LOUISVILLE, Ky. – Rachel Safeek, a second-year medical student at the University of Louisville, is calling for medical schools to train future physicians in techniques to help prevent injuries and death caused by firearms. Her work has led to UofL being one of the first medical schools to incorporate this training for all students.
“About 40,000 Americans die and 85,000 others are injured each year from firearm-related causes, and the incidence of firearm-related morbidity and mortality has increased over the past decade,” Safeek said. “This is a very important public health issue. My classmates, colleagues and I believe that physicians have a role in counseling patients related to their health and we have an opportunity through those interactions to help reduce the number of firearm-related deaths and injuries.”
In September, Safeek and her colleagues wrote and presented a resolution that was adopted by the Kentucky Medical Association (KMA) to support training in Kentucky’s medical schools to reduce firearm-related morbidity and mortality in their curriculum. She presented a similar resolution at the American Medical Association conference in November, which was adopted by the American Medical Association Medical Student Section.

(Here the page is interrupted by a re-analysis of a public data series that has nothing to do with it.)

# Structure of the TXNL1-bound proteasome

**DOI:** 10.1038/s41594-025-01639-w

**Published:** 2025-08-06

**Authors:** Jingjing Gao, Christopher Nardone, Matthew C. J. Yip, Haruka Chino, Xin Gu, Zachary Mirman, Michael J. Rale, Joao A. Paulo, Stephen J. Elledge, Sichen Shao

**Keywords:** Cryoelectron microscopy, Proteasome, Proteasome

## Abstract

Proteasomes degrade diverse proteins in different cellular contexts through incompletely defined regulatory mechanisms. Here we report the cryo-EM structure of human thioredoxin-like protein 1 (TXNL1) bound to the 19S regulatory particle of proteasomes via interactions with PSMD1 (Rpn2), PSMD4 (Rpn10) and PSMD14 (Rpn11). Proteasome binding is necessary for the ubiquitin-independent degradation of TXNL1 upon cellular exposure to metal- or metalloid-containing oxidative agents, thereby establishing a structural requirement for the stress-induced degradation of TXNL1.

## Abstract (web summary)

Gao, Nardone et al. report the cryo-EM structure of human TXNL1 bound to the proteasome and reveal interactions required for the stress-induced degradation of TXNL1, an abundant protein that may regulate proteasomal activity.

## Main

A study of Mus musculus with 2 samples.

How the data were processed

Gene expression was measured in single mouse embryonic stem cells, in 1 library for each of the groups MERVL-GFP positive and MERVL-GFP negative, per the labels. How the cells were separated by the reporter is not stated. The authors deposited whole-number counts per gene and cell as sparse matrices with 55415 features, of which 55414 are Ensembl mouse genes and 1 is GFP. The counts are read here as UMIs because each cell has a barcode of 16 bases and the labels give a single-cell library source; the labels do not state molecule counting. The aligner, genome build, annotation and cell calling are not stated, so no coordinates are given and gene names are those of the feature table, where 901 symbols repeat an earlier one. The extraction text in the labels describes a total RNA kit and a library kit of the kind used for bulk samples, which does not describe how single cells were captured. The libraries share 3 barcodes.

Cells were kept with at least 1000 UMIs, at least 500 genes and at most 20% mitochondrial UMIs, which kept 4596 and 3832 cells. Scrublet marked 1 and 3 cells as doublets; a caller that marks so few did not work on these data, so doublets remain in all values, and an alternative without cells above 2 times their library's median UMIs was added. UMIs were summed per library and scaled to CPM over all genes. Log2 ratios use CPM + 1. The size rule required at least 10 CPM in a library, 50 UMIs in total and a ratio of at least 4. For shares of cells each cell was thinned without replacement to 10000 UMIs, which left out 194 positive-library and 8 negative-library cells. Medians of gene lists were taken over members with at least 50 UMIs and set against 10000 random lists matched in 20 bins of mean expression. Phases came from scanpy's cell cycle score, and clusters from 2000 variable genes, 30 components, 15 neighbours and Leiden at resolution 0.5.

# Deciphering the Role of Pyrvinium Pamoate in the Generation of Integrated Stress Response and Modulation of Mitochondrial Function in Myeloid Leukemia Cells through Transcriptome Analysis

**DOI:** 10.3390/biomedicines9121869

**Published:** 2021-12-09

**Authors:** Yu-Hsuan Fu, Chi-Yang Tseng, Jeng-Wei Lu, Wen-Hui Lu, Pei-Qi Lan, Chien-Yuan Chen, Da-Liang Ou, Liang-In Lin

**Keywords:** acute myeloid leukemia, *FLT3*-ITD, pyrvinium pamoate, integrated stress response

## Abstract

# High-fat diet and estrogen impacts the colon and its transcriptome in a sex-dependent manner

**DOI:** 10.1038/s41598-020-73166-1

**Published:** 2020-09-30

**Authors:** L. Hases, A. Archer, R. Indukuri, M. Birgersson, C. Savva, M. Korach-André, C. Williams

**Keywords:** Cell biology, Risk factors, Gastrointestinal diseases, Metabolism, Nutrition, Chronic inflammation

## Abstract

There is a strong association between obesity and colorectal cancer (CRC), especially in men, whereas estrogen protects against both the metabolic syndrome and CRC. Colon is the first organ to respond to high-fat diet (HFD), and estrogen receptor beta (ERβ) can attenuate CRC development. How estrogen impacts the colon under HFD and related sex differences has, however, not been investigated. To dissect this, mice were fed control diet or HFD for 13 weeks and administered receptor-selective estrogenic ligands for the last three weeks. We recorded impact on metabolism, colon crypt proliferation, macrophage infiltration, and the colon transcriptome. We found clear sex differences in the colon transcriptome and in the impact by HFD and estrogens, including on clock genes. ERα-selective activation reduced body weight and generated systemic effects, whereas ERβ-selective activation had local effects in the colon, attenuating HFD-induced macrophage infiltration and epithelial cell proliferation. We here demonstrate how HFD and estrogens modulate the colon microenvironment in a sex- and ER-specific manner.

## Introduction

The resolution calls for all future physicians to have training to counsel patients in safe firearm use and storage, to know how to screen patients for suicide risk and to learn trauma-related first response techniques.
At UofL, Safeek presented a curriculum plan she coauthored with faculty members Suzanne McGee, M.D., and Charles Kodner, M.D., and Susan Sawning, M.S.S.W., to the School of Medicine’s Educational Program Committee, which voted to include it in the school’s curriculum beginning with the 2020-2021 academic year.
To jump-start the training effort, Safeek and other students and faculty have partnered with Whitney/Strong to organize a week-long series of optional events to educate UofL medical students, faculty and residents on firearm violence prevention, scheduled for February.
“Our hope is that more medical schools will incorporate this type of training into their programs and doctors will be able to help make a difference in this health crisis,” Safeek said.